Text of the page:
IELTS Writing Task 1
The table below gives information about population in Australia and Malaysia in 1980 and 2002.
The table compares six demographic indicators of Australia and Malaysia in the years 1980 and 2002.
Overall, while the population size in both countries increased considerably over the period, that of Malaysia grew at a much higher rate. Despite comparable figures for male and female population, the two countries saw noticeable differences in the rates of birth, average annual growth and aging population.
After 22 years, the total population in both countries witnessed a substantial growth with the figure for Malaysia nearly doubling its previous data, reaching 24.3 million. While the percentage of men and women of Australia remained steady during the period, there was a slight growth of 0 3% in the figure for Malaysian male population.
The two nations experienced a downward trend in birth rates in 2002, with a larger difference of 1.0% in Malaysia. Their senior population, by contrast, experienced an opposite pattern. Between 1980 and 2002, Australia was home to an extra 2 8% of the elderly while the figure for Malaysia rose much less substantially by 0 6%. Average population growth rate grew 0.1% in Australia yet fell by 1% for the other nation.
It is of note that Malaysia was home to more people, with higher birth and demographic growth rate, yet fewer senior citizens than Australia.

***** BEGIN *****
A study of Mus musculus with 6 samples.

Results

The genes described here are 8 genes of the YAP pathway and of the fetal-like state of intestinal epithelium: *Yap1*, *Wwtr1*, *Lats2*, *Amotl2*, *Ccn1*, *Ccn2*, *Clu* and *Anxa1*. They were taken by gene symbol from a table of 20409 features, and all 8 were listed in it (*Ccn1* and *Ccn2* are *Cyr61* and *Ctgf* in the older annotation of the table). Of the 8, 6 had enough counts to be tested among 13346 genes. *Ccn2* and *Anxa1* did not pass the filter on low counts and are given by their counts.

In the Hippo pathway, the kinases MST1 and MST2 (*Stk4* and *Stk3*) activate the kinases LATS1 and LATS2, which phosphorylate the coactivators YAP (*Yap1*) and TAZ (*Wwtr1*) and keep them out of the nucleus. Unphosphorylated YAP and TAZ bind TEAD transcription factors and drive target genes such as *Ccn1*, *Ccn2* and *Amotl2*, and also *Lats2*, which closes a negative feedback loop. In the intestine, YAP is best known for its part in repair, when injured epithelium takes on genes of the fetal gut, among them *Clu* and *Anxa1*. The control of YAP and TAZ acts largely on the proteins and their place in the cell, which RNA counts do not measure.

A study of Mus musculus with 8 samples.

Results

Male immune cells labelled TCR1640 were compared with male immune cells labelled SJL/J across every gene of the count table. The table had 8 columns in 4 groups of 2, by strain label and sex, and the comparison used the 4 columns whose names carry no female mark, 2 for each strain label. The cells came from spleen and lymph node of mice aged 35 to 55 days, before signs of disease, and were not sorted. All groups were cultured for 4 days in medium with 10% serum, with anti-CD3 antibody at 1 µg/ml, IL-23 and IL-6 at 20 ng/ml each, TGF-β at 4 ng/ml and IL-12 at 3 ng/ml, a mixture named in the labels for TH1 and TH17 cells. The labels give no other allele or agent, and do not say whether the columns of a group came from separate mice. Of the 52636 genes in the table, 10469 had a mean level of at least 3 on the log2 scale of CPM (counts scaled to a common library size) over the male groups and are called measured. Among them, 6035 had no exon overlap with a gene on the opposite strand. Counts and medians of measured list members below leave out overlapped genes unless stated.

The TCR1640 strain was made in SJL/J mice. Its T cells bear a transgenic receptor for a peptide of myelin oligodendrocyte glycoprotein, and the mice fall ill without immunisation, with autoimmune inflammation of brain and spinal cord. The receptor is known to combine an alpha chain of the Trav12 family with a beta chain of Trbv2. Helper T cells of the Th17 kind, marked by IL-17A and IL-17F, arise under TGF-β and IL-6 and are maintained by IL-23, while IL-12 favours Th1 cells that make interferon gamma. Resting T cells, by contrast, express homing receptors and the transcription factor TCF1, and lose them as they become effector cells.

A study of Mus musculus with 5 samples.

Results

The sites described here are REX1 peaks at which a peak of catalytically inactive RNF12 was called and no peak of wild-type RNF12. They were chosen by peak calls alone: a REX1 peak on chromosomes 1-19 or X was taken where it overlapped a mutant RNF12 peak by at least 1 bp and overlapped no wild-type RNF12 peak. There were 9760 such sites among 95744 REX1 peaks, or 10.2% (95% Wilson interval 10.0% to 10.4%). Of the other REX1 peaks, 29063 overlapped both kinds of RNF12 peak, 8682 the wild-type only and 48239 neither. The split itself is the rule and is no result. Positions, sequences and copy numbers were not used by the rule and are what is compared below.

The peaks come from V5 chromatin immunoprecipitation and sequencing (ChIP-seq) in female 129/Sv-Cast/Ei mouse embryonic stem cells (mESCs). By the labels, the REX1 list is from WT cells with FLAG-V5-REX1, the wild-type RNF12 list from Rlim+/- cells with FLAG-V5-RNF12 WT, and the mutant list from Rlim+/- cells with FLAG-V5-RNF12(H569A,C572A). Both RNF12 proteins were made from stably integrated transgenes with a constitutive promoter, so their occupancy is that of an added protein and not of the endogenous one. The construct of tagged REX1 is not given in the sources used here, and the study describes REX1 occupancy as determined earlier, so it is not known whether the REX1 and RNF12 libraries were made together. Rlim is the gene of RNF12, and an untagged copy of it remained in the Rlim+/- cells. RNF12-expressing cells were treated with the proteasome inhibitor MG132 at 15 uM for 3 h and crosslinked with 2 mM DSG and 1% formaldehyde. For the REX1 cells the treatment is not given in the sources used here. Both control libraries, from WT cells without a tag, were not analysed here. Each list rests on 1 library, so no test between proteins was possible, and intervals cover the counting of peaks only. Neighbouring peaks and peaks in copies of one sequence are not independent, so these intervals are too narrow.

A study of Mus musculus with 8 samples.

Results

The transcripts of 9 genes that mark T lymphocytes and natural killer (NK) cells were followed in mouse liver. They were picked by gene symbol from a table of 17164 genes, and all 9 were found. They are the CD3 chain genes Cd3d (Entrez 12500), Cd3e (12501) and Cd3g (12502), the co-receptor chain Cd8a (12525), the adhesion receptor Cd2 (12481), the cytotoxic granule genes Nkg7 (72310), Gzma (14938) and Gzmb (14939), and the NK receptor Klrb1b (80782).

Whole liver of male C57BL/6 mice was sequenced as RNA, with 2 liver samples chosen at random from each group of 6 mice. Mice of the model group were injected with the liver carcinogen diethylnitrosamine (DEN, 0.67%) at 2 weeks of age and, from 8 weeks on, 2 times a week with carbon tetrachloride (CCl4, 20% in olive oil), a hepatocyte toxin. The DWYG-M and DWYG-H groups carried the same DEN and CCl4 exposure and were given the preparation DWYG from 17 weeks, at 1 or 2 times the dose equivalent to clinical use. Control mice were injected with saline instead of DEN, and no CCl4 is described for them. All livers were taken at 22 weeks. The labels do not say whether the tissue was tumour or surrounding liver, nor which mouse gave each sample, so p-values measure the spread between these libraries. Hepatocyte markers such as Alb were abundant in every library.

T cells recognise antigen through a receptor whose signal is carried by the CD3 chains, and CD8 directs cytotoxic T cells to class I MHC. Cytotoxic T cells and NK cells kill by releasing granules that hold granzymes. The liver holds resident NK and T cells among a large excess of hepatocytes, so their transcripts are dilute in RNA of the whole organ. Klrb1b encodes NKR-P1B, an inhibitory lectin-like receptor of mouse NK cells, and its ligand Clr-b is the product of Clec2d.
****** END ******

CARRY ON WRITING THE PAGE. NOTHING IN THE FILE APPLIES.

IELTS Writing Task 2
Some people say that what children watch on TV influences their behavior while others say the amount of time they spend watching TV influences their behavior. Discuss both views and give your opinion.
There is much controversy surrounding effects of watching TV on children’s behavioral pattern. While it is often said that TV programs have discernible impacts on the ways children behave, a measure of time children channel into TV is also argued to be instrumental in shaping children’s manners. This essay will discuss both arguments and give a concluding viewpoint.
On the one hand, numerous social members tend to back the conviction that several behavioral ways of children can be shaped under the impact of television broadcasts. It would seem undeniable that children have an instinct for learning from and imitating the patterns of those who they may observe. In fact, in various parts of the world, the exposure to televised violent scenes in the films may trigger aggressive behaviors in children. Besides, no sooner do children get access to educationally oriented programs on the screen such as “Helping people to help themselves” than most of them are likely to be encouraged to behave in friendlier and thoughtful ways towards others.
Notwithstanding, the amount of time spent on TV programming also has deciding effects on children’s behavioral pattern. First, when diverting a sheer quantity of time into sitting on the screen so as to watch TV, various children, in all likelihood, are confronted with a sedentary lifestyle because they seemingly sit down on the TV screen and rarely take part in physical activities. Second, the long exposure to TV shows could deprive them of hours for participating in creative activities and socializing with other peers in reality. Therefore, this may be the main culprit of children’s poor social behaviors.
Overall, it is sensible for me to conclude that children’s behavioral pattern is trongly impacted by both TV programs and the time they allocate for watching TV.